Long-Term Relief Medications
These medications are taken on a regular basis to prevent asthma attacks and control chronic symptoms.
Corticosteroids, also called glucocorticoids or steroids, are powerful anti-inflammatory drugs. Steroids are not bronchodilators (they do not relax the airways) and have little immediate effect on symptoms. Instead, they work over time to reduce inflammation and prevent permanent injury in the lungs. They can also help prevent asthma attacks from occurring. The use of inhaled corticosteroids in patients with moderate-to-severe asthma reduces the risk of rehospitalization and death from asthma.
Taking a corticosteroid drug through an inhaler makes it possible to provide effective local anti inflammatory activity in the lungs with very few side effects elsewhere in the body. (By contrast, oral steroids have considerable side effects throughout the body.) Inhaled corticosteroids are recommended as the primary therapy for any patient needing long-term control medications for persistent asthma.
Examples of inhaled corticosteroids:
- Inhaled steroids include fluticasone (Flovent), budesonide (Pulmicort), triamcinolone (Azmacort and others), mometasone furoate (Asmanex), flunisolide (AeroBid), and ciclesonide (Alvesco).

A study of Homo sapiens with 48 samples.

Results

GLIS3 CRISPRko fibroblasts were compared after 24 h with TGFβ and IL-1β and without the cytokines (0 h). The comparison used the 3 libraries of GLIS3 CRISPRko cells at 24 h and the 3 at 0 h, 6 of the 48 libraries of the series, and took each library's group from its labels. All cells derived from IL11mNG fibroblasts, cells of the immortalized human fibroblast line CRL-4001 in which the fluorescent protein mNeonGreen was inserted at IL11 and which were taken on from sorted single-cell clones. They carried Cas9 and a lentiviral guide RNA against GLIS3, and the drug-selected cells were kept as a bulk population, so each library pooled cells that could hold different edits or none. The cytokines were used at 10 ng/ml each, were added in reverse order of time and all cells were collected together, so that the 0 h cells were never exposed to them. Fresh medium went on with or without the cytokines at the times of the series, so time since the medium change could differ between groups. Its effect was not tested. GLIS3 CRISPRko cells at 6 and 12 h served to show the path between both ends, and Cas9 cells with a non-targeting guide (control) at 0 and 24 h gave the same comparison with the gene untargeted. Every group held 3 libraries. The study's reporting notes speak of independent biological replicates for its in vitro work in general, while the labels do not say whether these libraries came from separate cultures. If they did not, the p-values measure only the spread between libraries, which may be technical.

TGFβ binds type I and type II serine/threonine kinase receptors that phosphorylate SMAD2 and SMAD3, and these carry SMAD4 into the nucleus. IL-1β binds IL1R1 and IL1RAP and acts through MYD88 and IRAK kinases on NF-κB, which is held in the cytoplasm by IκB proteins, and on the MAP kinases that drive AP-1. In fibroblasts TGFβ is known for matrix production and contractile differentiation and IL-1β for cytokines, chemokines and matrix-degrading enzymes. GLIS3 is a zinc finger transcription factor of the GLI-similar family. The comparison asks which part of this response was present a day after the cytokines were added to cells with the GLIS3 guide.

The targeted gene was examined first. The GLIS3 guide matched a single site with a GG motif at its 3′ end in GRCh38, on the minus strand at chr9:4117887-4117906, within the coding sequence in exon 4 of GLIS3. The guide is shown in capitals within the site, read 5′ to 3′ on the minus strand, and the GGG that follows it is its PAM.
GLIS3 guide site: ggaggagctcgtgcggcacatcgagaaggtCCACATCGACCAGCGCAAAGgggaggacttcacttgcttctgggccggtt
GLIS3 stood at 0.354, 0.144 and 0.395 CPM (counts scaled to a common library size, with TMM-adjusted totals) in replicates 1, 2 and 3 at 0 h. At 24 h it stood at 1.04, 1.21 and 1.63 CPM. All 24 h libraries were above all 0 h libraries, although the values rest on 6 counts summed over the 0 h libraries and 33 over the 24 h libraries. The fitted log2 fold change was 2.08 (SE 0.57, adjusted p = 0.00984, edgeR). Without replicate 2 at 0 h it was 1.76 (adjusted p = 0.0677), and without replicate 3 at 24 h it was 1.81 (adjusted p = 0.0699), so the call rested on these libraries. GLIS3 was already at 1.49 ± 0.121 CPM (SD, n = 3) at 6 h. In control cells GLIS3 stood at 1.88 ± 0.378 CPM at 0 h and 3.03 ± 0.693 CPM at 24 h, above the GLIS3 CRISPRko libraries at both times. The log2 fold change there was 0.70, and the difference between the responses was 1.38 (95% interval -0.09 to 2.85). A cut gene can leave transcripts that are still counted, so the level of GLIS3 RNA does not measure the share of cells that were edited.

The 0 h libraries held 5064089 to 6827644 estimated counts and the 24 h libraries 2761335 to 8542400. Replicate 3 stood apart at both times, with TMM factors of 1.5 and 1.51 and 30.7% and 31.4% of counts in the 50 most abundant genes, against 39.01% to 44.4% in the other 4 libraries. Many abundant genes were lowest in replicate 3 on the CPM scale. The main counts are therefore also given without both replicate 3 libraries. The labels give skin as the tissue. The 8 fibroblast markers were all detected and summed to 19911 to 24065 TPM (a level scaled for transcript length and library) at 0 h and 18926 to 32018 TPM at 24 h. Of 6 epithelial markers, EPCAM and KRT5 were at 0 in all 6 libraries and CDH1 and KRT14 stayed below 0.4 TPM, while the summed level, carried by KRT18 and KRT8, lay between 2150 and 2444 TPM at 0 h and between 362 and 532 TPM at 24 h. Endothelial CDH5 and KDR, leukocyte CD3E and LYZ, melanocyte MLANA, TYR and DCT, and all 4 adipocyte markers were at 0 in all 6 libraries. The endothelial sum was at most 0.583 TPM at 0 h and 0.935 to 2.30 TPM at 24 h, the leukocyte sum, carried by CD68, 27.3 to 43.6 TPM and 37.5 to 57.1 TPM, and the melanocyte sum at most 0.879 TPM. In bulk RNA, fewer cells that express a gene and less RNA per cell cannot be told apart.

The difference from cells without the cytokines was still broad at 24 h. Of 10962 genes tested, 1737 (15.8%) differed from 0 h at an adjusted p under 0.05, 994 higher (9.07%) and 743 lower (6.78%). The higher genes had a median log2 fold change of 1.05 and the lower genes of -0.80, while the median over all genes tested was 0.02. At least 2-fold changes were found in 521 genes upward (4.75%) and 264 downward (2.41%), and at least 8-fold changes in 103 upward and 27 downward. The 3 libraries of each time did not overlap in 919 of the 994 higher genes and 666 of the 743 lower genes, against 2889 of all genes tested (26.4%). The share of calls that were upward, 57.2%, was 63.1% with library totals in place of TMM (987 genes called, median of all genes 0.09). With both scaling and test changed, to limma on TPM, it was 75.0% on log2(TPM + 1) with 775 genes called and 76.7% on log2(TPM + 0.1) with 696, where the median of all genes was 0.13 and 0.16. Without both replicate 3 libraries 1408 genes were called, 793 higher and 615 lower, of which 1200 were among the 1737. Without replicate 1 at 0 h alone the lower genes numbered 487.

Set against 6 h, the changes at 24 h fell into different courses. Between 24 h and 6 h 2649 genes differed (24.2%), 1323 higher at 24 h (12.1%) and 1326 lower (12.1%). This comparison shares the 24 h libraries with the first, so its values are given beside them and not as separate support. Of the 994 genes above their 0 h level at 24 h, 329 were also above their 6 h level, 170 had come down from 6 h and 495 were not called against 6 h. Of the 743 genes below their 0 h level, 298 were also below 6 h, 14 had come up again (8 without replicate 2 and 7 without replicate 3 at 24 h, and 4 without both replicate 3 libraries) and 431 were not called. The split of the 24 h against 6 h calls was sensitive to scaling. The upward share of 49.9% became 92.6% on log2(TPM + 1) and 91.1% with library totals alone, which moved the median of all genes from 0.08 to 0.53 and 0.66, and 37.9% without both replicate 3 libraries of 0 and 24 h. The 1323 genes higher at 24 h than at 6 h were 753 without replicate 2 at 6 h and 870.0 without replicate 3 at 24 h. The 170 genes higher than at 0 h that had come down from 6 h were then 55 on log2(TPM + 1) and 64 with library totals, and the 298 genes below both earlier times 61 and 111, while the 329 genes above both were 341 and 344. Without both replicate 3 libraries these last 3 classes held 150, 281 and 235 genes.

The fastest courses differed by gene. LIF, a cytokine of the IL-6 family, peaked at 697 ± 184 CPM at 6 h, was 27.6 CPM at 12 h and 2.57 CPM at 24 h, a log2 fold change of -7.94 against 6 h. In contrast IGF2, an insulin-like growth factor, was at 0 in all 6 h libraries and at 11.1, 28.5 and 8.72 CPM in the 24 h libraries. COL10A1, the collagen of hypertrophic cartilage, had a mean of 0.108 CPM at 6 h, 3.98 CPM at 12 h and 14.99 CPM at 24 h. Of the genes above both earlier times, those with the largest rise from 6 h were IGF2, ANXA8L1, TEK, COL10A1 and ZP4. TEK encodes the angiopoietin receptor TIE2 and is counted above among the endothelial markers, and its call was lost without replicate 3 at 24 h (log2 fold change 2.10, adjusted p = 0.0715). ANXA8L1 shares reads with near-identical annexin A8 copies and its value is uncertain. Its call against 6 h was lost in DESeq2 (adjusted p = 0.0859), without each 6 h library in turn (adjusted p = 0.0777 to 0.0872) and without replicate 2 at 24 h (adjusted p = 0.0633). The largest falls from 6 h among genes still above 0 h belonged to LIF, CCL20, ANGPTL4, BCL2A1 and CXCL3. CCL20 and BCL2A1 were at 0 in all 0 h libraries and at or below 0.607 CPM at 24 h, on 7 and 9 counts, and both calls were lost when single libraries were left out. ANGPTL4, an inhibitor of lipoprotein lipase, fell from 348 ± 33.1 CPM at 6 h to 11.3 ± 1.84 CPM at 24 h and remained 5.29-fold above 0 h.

- The older corticosteroid inhalants are beclomethasone (Beclovent, Vanceril) and dexamethasone (Decadron Phosphate Respihaler and others).
- Budesonide (Pulmicort Respules) is available in a jet nebulizer for children ages 12 months - 8 years. It was the first such medication to be approved for children in this age group.
- Inhalers that combine both long-acting beta2-agonists and corticosteroids are also available. These include Symbicort (budesonide/formoterol), fluticasone-salmeterol (Advair), and mometasone-formoterol (Dulera).
Inhaled corticosteroids are the preferred first-line therapy for children with asthma. However, doctors caution against corticosteroids for infants and toddlers with mild asthma and urge close monitoring, especially for children under age 5 with severe asthma who are receiving high doses.
Review Date: 05/03/2011
Reviewed By: Harvey Simon, MD, Associate Professor of Medicine, Harvard Medical School; Physician, Massachusetts General Hospital. Also reviewed by David Zieve, MD, MHA, Medical Director, A.D.A.M., Inc.